The value factor is finally outshining growth, but that doesn’t mean investors should abandon assets like the Invesco S&P 500 Pure Growth ETF (NYSEARCA: RPG).
In fact, RPG could prove useful as 2021 moves along because low interest rates are helping companies spend capital on, well, growth. Many that are doing just, including some RPG components.
“S&P 500 cash to asset ratios are at record highs and policy uncertainty has continued to fall,” according a Goldman Sachs note cited by CNBC. “We We expect investing for growth (capex, R&D, cash M&A) will continue to represent the largest share of wallet.”
Some of the big spenders will come from the technology sector, which accounts for almost 40% of RPG’s weight, more than double its second-largest sector weight, which is healthcare.
RPG tracks the S&P 500 Pure Growth Index, which aims to include companies with the “deep growth” classification, meaning the fund is even “growthier” than traditional funds dedicated to this factor.
The growth score “is measured using three other factors: three-year sales per share growth, the three-year ratio of earnings per share change to price per share, and momentum (the 12-month percentage change in price),” according to Invesco.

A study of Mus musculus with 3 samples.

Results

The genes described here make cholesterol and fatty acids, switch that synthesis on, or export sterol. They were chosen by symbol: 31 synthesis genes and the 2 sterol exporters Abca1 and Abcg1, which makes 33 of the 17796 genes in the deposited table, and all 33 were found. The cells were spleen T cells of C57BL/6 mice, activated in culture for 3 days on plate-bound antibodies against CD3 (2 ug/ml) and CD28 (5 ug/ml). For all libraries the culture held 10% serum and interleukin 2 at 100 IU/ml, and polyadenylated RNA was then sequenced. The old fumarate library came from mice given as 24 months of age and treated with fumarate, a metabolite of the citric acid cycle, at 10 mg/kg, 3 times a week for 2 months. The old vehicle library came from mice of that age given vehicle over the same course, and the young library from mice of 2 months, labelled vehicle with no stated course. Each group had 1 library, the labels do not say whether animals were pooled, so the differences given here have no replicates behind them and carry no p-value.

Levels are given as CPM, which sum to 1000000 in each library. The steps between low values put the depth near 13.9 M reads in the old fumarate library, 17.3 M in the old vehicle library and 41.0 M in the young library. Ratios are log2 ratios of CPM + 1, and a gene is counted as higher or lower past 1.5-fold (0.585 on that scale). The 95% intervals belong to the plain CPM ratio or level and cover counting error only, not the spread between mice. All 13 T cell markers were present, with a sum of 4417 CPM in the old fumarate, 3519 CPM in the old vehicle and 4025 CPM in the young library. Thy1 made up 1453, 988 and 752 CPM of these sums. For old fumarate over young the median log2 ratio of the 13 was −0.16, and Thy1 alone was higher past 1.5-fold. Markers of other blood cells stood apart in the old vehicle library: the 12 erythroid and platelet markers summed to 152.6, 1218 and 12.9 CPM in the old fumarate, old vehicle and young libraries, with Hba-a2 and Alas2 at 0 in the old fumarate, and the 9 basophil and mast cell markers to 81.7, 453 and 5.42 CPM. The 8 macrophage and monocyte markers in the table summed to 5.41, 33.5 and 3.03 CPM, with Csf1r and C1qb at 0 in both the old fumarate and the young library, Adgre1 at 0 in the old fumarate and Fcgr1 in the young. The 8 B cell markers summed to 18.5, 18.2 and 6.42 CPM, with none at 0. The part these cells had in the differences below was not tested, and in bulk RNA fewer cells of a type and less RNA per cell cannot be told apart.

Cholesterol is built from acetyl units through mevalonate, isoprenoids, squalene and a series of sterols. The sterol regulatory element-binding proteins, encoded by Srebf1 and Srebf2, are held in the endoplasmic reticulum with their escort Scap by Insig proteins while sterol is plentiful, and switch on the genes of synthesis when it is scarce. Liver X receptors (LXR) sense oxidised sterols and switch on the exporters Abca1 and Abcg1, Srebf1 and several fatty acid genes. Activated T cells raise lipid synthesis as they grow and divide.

Some well-known firms are planning significant capital spending this year and that fuel upside for RPG.
“Many major companies are opening up their wallets as much of the pandemic hit is now in the rearview mirror. For example, Apple, Intel and Walmart have all announced substantial new spending plans to facilitate future growth, Goldman noted. The Wall Street firm estimated a 19% rebound in S&P 500 companies’ cash use this year, up from 10% growth previously forecast,” reports CNBC.
For some companies sitting on large stockpiles of cash, there could be an impetus to spend, and do so soon in preparation of taxes rising. If the Biden Administration gets its wish and is successful in closing some corporate tax loopholes and raising levies on big business, companies may rein in spending, particularly on share buybacks and research and development, in anticipation of higher tax bills.
RPG is higher by 3.45% year-to-date.